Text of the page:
Lasers are becoming more common in industry and every day life. For those persons that find themselves in a situation where they are responsible for laser safety without previous experience, the tasks at hand can be intimidating. This presentation details recommended preparations needed to implement laser installations for those that do not have experience in this field. The subtopics described below were used to develop and implement an operating laser laboratory at Northrop Grumman's Airborne Ground Surveillance & Battle Managements System's (AGS & BMS) site in Melbourne, Florida where no such activities were previously performed. Valuable experience was gained and success was realized by performing the preparations identified below.

To implement a laser installation, the following activities should be accomplished according to the Laser Safety Institute of America's Laser Safety Officer Training by David Sliney, PhD:

  • Assign and train Laser Safety Officers (LSOs)

  • Develop a laser safety program

  • Establish an understanding of the hazards posed by lasers, laser processes and support equipment and conduct a comprehensive hazard analysis of each

  • Identify and implement control methods to address hazards

  • Establish training courses for users of lasers and those personnel who may be affected by laser operations

  • Establish medical surveillance programs based on the laser type and ancillary hazards such as noise or air quality

  • Develop procedures related to operation and maintenance of lasers and emergency instructions

  • Audit the processes annually

Each of these topics will be addressed in this paper.

Where to Start?

Once direction was granted to begin the laser project the first task at hand was to determine what standards and regulations were applicable. After researching the Occupational Safety and Health Administration (OSHA) standards, it was determined OSHA standard 29 CFR 1926.54 exists for lasers associated with the construction industry but there was no specific OSHA standards for general industry. OSHA Technical Manual, Section III, Chapter 6 "Laser Hazards" was consulted. The Technical Manual states that "OSHA citations are issued by invoking the general duty clause or, in some cases, Subpart I." "In such cases, the employers are required to revise their reportedly unsafe work place using the recommendations and requirements of such industry consensus standards as the (American National Standards Institute) ANSI Z 136.1-2000 Standard."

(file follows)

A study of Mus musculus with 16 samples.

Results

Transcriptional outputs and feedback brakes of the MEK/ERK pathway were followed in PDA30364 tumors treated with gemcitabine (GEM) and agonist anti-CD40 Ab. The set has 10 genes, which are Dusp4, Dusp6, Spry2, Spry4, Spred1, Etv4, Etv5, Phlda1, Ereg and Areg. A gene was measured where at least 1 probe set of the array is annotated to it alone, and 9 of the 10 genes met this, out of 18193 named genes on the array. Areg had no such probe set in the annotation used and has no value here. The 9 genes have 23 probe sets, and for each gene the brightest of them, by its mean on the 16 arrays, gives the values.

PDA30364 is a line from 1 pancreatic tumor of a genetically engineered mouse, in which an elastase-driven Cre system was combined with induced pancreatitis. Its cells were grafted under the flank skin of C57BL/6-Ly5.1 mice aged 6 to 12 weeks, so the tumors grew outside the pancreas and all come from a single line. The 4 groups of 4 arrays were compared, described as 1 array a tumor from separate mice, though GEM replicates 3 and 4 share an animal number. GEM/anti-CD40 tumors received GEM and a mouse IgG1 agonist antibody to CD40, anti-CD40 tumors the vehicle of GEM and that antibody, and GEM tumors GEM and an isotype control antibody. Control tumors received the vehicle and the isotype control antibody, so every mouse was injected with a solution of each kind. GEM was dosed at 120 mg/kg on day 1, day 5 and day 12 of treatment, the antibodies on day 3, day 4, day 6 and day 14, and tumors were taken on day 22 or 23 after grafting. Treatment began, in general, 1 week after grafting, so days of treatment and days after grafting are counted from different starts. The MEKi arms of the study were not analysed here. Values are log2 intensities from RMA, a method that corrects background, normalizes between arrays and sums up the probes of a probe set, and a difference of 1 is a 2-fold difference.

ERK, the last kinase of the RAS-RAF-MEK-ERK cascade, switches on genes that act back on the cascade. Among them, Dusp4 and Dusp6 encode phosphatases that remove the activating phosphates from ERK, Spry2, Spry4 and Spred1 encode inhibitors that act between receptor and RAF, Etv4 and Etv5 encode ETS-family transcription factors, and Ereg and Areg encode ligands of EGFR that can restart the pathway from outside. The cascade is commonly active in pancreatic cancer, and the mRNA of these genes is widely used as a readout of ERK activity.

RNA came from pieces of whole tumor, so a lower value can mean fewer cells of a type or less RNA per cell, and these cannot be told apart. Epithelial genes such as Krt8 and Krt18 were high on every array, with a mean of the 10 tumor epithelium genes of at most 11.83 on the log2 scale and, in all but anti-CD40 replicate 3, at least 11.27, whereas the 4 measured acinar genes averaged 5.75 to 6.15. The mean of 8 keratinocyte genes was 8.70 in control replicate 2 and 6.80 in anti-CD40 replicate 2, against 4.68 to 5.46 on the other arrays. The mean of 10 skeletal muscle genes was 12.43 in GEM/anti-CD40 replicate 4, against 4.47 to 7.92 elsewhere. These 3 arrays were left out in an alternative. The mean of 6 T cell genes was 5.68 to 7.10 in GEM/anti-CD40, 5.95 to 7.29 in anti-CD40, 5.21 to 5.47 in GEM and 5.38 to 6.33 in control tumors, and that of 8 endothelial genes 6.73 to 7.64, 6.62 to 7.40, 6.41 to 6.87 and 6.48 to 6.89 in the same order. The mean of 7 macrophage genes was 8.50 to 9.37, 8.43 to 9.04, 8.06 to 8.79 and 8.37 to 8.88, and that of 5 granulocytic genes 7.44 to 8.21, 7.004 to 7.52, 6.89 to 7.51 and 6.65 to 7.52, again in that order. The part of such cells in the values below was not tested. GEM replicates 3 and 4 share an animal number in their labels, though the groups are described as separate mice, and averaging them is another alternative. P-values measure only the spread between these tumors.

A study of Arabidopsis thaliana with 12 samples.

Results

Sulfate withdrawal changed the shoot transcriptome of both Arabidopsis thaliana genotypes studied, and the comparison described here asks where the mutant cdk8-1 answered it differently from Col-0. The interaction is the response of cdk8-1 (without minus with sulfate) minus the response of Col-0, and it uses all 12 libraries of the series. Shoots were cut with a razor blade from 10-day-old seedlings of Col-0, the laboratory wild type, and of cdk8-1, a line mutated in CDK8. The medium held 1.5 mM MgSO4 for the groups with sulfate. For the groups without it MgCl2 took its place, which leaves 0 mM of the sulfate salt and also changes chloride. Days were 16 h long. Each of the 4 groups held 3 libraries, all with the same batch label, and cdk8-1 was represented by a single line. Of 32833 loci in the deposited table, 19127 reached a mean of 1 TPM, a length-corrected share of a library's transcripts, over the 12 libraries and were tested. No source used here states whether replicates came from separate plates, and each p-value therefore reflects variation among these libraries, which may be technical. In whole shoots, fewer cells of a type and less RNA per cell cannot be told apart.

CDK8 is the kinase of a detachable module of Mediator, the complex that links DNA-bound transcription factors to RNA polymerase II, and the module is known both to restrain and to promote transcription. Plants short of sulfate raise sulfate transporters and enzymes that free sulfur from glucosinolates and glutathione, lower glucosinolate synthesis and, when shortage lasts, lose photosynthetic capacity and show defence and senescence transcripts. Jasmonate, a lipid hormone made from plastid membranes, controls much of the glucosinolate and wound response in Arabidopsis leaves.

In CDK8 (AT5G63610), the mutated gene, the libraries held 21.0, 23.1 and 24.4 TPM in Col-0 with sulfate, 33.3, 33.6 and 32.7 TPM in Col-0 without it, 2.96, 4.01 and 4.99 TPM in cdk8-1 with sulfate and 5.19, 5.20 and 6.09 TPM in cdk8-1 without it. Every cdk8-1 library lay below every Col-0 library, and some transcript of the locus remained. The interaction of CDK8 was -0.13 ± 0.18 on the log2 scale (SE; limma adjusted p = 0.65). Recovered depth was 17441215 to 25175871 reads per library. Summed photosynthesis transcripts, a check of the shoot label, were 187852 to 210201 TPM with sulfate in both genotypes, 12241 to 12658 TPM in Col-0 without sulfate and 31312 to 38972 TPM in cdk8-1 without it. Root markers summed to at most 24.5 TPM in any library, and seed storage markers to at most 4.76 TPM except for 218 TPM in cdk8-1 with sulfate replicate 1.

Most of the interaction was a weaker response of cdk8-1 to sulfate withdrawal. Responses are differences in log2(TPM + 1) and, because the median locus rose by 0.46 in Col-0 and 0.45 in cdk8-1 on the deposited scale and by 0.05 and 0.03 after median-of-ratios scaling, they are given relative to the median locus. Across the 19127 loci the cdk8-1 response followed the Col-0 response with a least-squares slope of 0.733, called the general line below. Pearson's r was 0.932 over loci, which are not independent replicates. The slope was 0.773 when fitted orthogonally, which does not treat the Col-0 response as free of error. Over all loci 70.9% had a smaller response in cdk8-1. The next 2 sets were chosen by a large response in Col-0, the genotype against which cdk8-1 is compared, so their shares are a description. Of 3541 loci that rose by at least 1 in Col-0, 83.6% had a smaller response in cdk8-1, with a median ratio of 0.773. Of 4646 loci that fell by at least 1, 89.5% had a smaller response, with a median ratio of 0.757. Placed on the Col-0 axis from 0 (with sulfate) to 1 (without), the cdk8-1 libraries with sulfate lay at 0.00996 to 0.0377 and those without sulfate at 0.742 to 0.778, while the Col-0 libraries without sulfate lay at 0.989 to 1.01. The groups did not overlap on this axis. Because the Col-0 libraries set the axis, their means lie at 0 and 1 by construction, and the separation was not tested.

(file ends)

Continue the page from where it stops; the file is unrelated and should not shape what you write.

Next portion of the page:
R. James Rockwell, Jr's. book User's Guide for Laser Safety identifies "six major entities concerned with regulations regarding safety of laser systems." These entities are displayed in Figure 1 and include:

  • The Center for Devices and Radiological Health (CDRH)

  • The American National Standards Institute (ANSI) - Includes several individual standards addressing specific topics such as safe use of lasers in optical fiber communication systems, health care facilities, hazard evaluation instrumentation, educational institutions, outdoor laser use, and testing and labeling

  • The American Conference of Governmental Hygienists (ACGIH)

  • The Occupational Safety & Health Administration (OSHA)

  • International Electrotechnical Commission (IEC) and European Commission (EC)

  • State Government

This content is only available via PDF.
You can access this article if you purchase or spend a download.